The top trends of digitization, electrification, autonomous driving and connectivity are decisively shaping the E/E architectures in tomorrow's automobiles. The domain-oriented E/E architectures that still predominate lead to functional interdependencies that are almost impossible to manage. According to Dipl.-Ing. Kai Lars Barbehön (Vice President Central Control Units, Wire Harness, Power Supply of the BMW Group, Munich), one of the keynote speakers at the International VDI Congress ELIV 2023, the solutions for a holistic E/E architecture approach are obvious: The high integration of former domain computers in powerful integration platforms is just as much a part of this as zonal wiring system architectures.
For years, manufacturers and suppliers have been in agreement on the expectation that the trend toward high integration in so-called "high-performance computing" platforms will continue. As a result, the number of control units with complex overarching chains of action will be drastically reduced, Barbehön continues: "In the same breath, however, increasing digitalization is forcing us to open up solutions for decentralized electrification. Zonality is the magic word here."
New Paths in Development
In addition to a modern, service-oriented software architecture, the expert believes that stringent development processes and a consistent tool world are among the decisive criteria for the success of future concepts: "In terms of system engineering, we have to break away from conventional waterfall development in high-integration projects and be able to provide integration and testing services in every incremental development step," explains Barbehön. The development process of integrating individual control units in the complete vehicle for the first time in order to debug the entire system via system buses reaches its limits with high integration.
Digitization of the Energy Supply
However, a zonal communications architecture alone is not enough: Zoning must likewise be extended to the energy supply system, otherwise it will not be possible to separate the wiring harness. It is obvious that the opportunities offered by digitization should also be exploited in the field of energy supply. Barbehön emphasizes, "Intelligent wiring systems with switchable cables via eFUSES that meet the demand for highly efficient energy management and secure energy supply lead into the future."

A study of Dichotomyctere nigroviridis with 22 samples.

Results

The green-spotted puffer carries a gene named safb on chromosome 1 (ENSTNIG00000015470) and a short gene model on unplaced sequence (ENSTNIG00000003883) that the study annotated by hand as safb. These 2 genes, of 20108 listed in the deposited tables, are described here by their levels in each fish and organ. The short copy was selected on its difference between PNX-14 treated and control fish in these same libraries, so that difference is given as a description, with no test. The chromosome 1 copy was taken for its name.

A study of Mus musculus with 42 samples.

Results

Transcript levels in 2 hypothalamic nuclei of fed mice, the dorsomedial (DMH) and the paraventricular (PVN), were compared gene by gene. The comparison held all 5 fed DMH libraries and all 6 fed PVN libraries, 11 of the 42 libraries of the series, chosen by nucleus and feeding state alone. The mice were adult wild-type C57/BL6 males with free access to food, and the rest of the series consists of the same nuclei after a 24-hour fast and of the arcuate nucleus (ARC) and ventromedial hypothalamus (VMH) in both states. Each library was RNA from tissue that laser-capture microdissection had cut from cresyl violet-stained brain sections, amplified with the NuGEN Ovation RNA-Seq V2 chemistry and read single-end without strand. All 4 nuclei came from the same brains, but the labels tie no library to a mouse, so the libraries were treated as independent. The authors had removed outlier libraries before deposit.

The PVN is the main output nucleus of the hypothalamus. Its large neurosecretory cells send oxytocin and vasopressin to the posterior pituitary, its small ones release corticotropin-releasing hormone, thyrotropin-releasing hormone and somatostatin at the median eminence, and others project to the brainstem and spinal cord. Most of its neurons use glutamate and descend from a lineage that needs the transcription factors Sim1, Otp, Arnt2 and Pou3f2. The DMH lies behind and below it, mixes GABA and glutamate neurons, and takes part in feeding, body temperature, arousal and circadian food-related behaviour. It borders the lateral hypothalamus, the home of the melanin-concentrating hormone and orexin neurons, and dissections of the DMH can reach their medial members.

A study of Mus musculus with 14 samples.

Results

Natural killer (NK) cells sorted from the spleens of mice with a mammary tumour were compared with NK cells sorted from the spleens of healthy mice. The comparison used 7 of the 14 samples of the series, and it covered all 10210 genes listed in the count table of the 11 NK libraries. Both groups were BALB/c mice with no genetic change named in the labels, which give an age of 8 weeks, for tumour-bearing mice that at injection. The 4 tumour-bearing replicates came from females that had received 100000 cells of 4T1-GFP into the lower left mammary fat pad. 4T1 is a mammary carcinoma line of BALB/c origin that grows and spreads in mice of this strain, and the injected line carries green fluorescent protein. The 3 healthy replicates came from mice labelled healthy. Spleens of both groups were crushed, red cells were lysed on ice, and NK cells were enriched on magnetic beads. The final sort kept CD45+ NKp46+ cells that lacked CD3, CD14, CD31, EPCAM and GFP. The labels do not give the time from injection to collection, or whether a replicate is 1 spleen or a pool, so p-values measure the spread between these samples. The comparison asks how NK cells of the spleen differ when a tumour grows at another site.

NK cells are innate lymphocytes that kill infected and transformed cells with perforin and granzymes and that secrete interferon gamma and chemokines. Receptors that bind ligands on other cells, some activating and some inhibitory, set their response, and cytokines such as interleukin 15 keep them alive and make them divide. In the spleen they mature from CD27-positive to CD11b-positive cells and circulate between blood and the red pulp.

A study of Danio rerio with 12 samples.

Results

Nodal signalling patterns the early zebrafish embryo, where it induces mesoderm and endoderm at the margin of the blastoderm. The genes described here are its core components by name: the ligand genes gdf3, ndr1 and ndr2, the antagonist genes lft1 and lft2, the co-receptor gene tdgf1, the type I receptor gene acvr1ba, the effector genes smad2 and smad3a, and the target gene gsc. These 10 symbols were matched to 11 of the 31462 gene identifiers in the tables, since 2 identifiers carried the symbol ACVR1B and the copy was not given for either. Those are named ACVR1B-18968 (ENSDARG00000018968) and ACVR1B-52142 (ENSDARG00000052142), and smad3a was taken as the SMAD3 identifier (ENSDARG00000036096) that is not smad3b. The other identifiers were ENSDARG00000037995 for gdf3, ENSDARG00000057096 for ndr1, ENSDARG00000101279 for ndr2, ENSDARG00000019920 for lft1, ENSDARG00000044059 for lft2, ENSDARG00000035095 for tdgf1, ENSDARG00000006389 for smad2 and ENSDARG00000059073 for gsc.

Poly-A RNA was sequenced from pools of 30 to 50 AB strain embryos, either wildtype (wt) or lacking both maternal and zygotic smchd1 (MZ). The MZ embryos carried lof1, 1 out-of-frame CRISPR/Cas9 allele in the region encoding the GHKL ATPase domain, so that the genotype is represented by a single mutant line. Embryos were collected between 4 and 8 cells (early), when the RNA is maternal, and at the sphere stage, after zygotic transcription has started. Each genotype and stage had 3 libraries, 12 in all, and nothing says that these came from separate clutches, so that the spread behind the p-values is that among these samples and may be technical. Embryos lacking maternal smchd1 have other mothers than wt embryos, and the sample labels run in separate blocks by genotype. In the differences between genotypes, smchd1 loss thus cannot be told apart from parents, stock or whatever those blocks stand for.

In the context of electrification, efficiency is on the one hand a core prerequisite for increased ranges and on the other hand contributes to meeting the demand for sustainable mobility. Increased safety levels, in turn, are the prerequisite for automated driving and future by-wire systems: "Already taken into account at the beginning of the E/E architecture design, both requirements can be implemented smartly in the truest sense of the word with innovative technologies such as an intelligent onboard energy network with eFUSES," continues Kai Lars Barbehön.
New Distribution of Tasks and New Partnerships
For OEMs, the ability to keep their vehicle portfolio "up to date" even after delivery is becoming critical to success. End-to-end maintainability with the option of backward compatibility requires stable architectures, especially stable software platforms. To ensure this, the current value creation models between OEMs and suppliers are likely to change, according to Barbehön: "OEMs are penetrating deeper into the domains of today's suppliers, particularly in the case of high-performance computing platforms. The degree of in-house software development is growing. This is also changing the role of suppliers; partnerships with EMS providers (contract manufacturers) are expanding the previous portfolio of classic first tiers."